A new study has found that long-term exposure to air pollution may increase the risk of developing dementia. The research, which was conducted by scientists at the University of Washington, suggests that even relatively low levels of air pollution could be detrimental to brain health.
The study, which was published in the journal Environmental Health Perspectives, analyzed data from over 4,000 participants in the Adult Changes in Thought study, a long-term research project investigating the risk factors for Alzheimer’s disease and dementia. The researchers used data from air quality monitors to estimate each participant’s exposure to fine particulate matter (PM2.5) and nitrogen dioxide (NO2) over a period of 10 years.
What did the study show?
The results of the study showed that participants who had higher levels of exposure to PM2.5 and NO2 had a higher risk of developing dementia. The researchers found that for every 1 μg/m3 increase in PM2.5 exposure, the risk of dementia increased by 16%. Similarly, for every 10 ppb increase in NO2 exposure, the risk of dementia increased by 14%.
The study also found that exposure to air pollution was associated with changes in brain structure and function, including reduced white matter volume and decreased connectivity in the brain’s default mode network. These changes have been linked to cognitive decline and an increased risk of dementia.
The study’s lead author, Dr. Rachel Shaffer, commented on the findings, saying, “This study provides further evidence that air pollution may be a risk factor for dementia. We found that even relatively low levels of air pollution can have a significant impact on brain health, and this has important implications for public health policy and the regulation of air pollution.”
Air pollution is a growing concern for public health, with millions of people around the world exposed to high levels of pollution on a daily basis. Exposure to air pollution has been linked to a range of health problems, including respiratory and cardiovascular diseases, and there is mounting evidence that it may also be linked to cognitive decline and dementia.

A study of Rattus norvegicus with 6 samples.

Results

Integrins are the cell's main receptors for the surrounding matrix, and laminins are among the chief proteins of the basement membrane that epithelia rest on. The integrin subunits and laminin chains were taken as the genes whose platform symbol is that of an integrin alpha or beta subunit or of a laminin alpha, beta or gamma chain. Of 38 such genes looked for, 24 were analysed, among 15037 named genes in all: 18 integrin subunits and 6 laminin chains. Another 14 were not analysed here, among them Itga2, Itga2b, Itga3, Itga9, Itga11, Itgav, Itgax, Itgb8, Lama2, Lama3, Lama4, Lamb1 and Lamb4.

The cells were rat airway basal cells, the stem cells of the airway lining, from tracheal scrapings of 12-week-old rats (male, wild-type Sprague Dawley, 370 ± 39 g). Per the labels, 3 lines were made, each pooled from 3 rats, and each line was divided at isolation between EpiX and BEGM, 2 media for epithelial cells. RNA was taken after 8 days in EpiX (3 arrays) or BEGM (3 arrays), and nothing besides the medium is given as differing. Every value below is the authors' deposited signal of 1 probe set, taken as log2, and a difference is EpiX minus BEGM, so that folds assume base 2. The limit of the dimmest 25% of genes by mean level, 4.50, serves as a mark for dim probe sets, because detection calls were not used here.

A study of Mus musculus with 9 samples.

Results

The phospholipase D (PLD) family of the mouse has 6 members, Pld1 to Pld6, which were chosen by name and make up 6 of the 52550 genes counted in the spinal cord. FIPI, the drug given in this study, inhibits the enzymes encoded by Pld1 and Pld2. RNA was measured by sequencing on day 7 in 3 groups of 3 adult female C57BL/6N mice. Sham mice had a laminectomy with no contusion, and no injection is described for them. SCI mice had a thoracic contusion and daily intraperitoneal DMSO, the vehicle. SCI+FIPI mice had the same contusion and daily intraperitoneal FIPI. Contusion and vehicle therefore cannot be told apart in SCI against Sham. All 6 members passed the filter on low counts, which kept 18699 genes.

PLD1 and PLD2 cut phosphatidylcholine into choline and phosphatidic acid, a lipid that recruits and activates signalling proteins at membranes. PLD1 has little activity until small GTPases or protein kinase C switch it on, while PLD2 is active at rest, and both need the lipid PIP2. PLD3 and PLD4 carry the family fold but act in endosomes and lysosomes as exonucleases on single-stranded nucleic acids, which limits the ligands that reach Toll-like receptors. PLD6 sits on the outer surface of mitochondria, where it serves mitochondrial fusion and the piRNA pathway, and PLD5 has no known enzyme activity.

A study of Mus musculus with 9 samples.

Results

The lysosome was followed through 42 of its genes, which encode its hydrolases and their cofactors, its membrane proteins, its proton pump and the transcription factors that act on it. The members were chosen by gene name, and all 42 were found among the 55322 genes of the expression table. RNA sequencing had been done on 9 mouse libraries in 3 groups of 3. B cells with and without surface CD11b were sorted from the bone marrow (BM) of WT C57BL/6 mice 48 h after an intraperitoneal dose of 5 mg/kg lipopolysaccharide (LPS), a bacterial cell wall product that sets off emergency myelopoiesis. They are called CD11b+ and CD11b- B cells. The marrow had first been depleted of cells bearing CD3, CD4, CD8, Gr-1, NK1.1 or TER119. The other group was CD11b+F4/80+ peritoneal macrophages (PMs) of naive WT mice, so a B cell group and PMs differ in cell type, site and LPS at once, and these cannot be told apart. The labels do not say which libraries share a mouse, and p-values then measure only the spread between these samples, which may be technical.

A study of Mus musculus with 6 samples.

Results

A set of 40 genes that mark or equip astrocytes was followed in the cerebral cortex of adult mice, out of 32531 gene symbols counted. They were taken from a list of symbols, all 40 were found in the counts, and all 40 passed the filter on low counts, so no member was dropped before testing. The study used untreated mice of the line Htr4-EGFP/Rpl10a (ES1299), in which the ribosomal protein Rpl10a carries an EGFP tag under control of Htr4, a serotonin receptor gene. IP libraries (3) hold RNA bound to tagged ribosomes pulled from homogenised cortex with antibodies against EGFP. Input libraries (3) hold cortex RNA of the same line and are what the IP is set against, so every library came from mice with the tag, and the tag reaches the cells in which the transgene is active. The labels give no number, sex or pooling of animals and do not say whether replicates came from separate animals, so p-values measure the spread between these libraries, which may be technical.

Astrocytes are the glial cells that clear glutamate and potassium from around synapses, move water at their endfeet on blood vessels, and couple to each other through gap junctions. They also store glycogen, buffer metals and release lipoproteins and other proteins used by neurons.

In response to the study, experts have called for increased efforts to reduce air pollution levels, particularly in urban areas where pollution is often highest. The World Health Organization (WHO) estimates that air pollution is responsible for 7 million premature deaths each year, making it one of the leading causes of death worldwide.
Dr. Maria Neira, Director of the Department of Environment, Climate Change and Health at the WHO, said, “This study adds to the growing body of evidence linking air pollution to a range of health problems, including dementia. We urgently need to take action to reduce air pollution levels and protect the health of our communities.”
In conclusion, the new study provides further evidence that air pollution may increase the risk of developing dementia. The findings have important implications for public health policy and the regulation of air pollution, and experts have called for increased efforts to reduce pollution levels and protect the health of communities around the world.